We are in scary times. Our president defends Neo-Nazis. The “Supreme Leader” of North Korea issues weekly threats. A tax bill is about to destroy America’s economy. There is a mass shooting every few weeks. Hell, even Cornel West and Ta-Nashi Coates can’t get along. As you’ve heard, now is the time to resist, fight back and say no more. Resistance could be in the form of a peaceful protest, mobilizing the vote so a pedophile isn’t in the U.S. Senate, or just clapping back at bigotry in your daily life. So, to keep you motivated, here are eight songs to inspire your revolutionary spirit, all courtesy of Black women.
Nina Simone, “Mississippi Goddam” (1964)
The High Priestess of Soul was a protest singer who dedicated her career to speaking out against injustice. Nina was moved to write the epic “Mississippi Goddam” after the tragic killing of Medgar Evers in Mississippi, who was assassinated by a Klansman and the church bombing in Birmingham, Alabama, which killed four black girls — both incidents happened in 1963. The song is a live recording and Nina belts out, “Alabama’s got me so upset, Tennessee’s made me lose my rest, and everybody knows about Mississippi goddam.” She also sings, “Keep on sayin’ ‘go slow’…to do things gradually would bring more tragedy. Why don’t you see it? Why don’t you feel it? I don’t know, I don’t know. You don’t have to live next to me, just give me my equality!” Damn right, Nina.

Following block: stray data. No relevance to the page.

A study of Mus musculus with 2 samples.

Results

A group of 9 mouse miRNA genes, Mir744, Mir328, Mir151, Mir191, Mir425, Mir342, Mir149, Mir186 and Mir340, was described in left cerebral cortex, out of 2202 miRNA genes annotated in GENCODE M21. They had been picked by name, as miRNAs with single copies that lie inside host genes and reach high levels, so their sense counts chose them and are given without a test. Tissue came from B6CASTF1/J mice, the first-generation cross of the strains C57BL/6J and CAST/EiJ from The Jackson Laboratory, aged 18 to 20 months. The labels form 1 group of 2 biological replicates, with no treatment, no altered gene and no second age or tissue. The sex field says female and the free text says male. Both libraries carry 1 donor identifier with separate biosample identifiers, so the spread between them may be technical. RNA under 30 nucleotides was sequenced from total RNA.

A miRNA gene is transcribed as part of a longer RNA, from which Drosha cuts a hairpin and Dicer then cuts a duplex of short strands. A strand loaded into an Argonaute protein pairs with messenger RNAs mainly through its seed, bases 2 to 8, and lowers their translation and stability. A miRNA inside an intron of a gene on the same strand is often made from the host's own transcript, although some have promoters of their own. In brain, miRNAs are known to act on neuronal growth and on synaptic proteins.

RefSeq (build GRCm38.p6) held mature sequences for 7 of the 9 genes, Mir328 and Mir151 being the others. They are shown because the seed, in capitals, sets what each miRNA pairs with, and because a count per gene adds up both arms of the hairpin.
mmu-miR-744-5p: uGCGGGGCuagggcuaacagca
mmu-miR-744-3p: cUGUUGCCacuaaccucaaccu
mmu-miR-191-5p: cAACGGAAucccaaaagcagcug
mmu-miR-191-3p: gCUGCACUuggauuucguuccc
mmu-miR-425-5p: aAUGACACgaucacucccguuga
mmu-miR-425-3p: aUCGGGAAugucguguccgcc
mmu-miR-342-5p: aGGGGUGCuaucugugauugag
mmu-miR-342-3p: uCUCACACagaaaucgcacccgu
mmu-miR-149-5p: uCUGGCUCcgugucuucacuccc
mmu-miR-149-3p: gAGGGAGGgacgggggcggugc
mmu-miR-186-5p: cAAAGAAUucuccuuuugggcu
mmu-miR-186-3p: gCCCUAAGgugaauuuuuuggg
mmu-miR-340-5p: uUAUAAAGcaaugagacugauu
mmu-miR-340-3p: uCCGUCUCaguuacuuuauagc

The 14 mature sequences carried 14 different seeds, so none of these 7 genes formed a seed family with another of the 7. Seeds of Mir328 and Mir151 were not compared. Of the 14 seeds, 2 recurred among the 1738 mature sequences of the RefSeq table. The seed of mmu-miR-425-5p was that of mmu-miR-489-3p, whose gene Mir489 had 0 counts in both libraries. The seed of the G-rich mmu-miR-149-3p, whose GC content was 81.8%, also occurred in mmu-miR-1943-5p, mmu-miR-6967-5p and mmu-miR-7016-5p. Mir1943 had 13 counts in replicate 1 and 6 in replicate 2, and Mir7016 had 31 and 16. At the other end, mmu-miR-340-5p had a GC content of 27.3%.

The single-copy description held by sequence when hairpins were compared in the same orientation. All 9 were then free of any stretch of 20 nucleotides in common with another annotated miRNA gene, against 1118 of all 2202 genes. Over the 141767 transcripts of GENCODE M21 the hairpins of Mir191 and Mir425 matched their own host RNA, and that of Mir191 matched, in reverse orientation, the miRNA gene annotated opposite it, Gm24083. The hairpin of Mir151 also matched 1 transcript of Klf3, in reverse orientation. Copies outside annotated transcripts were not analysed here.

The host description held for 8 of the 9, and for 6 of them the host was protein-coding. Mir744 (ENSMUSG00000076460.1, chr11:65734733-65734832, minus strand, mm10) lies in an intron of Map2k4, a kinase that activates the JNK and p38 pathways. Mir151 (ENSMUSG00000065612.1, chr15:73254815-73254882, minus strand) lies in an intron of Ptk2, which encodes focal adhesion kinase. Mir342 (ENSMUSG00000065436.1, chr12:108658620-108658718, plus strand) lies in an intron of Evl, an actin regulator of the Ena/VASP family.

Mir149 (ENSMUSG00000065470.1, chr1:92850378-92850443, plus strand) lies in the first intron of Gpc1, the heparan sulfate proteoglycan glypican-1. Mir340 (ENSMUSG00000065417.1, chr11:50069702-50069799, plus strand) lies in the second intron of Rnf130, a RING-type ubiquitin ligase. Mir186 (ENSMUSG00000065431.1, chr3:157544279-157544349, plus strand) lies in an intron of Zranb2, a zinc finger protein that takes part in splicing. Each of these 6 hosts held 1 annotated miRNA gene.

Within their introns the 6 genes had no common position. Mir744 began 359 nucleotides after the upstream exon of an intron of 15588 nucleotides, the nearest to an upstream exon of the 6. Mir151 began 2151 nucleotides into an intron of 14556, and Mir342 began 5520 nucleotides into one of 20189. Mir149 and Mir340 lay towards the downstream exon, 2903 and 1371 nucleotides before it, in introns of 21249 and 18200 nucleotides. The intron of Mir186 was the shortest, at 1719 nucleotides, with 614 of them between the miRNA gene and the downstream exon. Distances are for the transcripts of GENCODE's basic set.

Aretha Franklin, “A Change Is Gonna Come” (1967)
Aretha Franklin’s remake of Sam Cooke‘s “A Change Is Gonna Come” was the final song on her 1967 album I Never Loved a Man the Way I Love You. The country was in the middle of the turbulent 1960s, we were at war with Vietnam, Malcolm X was assassinated two years earlier and Black Americans were fighting for the Fair Housing Act, which would come on April 11, 1968 — seven days after Dr. Martin Luther King Jr. was killed.The song represents change, hope and is certainly fitting in 2017, no matter how difficult the times are today.